It is easy to stain an oak floor by following some basic steps. However, prior to staining, you must take steps to prepare for optimal results, such as sanding or filling the wood. Staining brings out the natural color of the wood, helps different wood types blend together, or can even make each look distinct.
Red vs White Oak Wood
There is a considerable difference between red and white oak, so you must consider this variation with care. Red oak comes in darker tones and reddish hues, whereas white oak is a good option if you prefer lighter shades in your flooring. Red oak absorbs more stain than white since it is porous, and you must apply more layers of stain to this type of wood. As a consequence, white oak takes more time to reach equilibrium in the moisture content and tends to expand and contract with seasonal changes, and would need more frequent staining.
Stain types include water-based, fast dry, and oil-based stains. Since the third type is most widely used, this process will mainly refer to oil-based stains. Make sure the stain is compatible with the finish you will be using later. Use sandpaper to smooth the surface so that staining might be easier. For coarse and worn-out surfaces, lower grit size is used whereas higher grit sizes are used for milder surfaces. Use sandpaper of grit-size P60 on the oak wood flooring. Repeat the process with P100. Keep in mind that that the higher grit number you use, the lighter will be the subsequent staining. Now vacuum the floor.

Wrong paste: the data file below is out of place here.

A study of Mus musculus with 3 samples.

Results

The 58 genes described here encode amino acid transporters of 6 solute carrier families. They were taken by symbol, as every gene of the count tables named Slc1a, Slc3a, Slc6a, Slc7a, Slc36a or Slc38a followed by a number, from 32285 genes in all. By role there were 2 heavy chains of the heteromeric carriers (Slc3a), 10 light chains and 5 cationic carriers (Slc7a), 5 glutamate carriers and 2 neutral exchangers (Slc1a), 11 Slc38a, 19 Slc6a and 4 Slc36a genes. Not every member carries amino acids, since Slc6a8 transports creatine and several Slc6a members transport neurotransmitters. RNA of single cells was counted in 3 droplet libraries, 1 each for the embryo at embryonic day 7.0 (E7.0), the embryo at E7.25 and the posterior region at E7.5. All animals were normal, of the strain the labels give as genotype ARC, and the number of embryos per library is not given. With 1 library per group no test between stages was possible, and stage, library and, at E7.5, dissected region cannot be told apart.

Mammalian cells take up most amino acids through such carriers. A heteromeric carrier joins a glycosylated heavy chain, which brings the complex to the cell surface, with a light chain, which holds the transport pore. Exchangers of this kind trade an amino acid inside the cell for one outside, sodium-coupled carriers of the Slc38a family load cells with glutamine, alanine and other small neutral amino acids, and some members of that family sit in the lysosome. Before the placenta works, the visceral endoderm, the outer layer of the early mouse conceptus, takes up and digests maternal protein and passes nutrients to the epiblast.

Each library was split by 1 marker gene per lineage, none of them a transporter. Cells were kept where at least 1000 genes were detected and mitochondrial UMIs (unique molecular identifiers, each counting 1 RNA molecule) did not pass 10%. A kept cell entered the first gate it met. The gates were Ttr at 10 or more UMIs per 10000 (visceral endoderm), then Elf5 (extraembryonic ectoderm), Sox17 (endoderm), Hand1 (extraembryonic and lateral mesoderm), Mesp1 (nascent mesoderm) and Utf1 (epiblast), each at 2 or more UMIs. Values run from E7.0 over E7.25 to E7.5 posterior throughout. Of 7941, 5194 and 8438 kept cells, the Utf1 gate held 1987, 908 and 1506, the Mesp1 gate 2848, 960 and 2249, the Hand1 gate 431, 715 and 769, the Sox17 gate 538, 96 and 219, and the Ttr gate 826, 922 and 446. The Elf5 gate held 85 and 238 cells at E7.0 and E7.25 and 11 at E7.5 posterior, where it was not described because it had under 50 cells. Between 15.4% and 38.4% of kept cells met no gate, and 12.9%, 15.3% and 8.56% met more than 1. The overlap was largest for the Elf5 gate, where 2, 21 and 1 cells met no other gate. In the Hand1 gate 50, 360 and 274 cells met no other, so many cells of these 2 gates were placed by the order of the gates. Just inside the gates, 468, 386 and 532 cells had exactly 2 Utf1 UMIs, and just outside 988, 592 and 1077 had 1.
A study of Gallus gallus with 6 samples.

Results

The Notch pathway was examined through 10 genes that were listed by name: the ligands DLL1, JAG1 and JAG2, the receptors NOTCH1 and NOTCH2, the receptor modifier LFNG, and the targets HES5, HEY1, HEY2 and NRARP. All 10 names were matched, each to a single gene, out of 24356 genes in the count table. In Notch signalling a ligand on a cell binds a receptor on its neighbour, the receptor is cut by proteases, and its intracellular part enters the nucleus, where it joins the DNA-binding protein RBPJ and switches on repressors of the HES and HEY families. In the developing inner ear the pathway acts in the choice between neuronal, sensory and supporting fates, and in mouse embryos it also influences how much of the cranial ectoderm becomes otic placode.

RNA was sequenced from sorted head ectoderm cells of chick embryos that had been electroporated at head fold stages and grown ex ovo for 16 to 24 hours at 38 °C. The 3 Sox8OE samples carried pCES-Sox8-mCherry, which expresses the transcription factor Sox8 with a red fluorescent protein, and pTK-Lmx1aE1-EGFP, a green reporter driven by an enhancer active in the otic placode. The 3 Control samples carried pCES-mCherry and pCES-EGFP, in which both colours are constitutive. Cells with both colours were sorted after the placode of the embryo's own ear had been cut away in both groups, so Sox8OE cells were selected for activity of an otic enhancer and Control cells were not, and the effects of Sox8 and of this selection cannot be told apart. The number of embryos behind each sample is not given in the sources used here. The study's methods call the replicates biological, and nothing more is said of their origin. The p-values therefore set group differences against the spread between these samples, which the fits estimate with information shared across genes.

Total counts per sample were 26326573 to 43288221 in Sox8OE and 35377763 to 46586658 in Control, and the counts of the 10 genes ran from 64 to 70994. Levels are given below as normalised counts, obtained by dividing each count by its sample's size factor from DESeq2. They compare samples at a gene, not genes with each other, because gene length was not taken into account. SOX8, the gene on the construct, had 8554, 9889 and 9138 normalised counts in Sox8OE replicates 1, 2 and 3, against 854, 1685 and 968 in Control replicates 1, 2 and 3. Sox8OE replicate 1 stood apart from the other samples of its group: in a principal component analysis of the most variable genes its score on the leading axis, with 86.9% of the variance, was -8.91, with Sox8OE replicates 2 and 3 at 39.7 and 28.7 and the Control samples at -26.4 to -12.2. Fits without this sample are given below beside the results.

Obtain enough stain to cover the entire floor since optimally, it should dry together. Test a small area of the floor before completely applying the stain. Wipe off the stain after the desired time (5 to 10 minutes), allow it to dry and apply the finish. Let the area dry overnight to see the eventual result.
Once you are satisfied with the color, resume with the entire floor. If the stain did not come in a large container, shift it into one. Mix it well so that the pigments don’t settle at the bottom. Dip a clean rag into the stain container and apply it in a circular motion. Use a non-synthetic, lint-free rag for optimal results. Make swift movements and do not stop in the midst of a circular motion. Let the staining be perfectly even. Wipe off the stain after the desired amount of time with a clean rag. The longer you let the stain be on the wood, the darker will the shade be. Initially, you might have to apply the stain more than once on a given area for the required shade. Try to work in the direction of the grain for consistency. For optimal results,s ask someone to help you with the wiping as you stain the wood.
Step 4: Post Staining
Let the stain dry before you apply the finish. Ventilate the room well so that the stain will dry off quickly.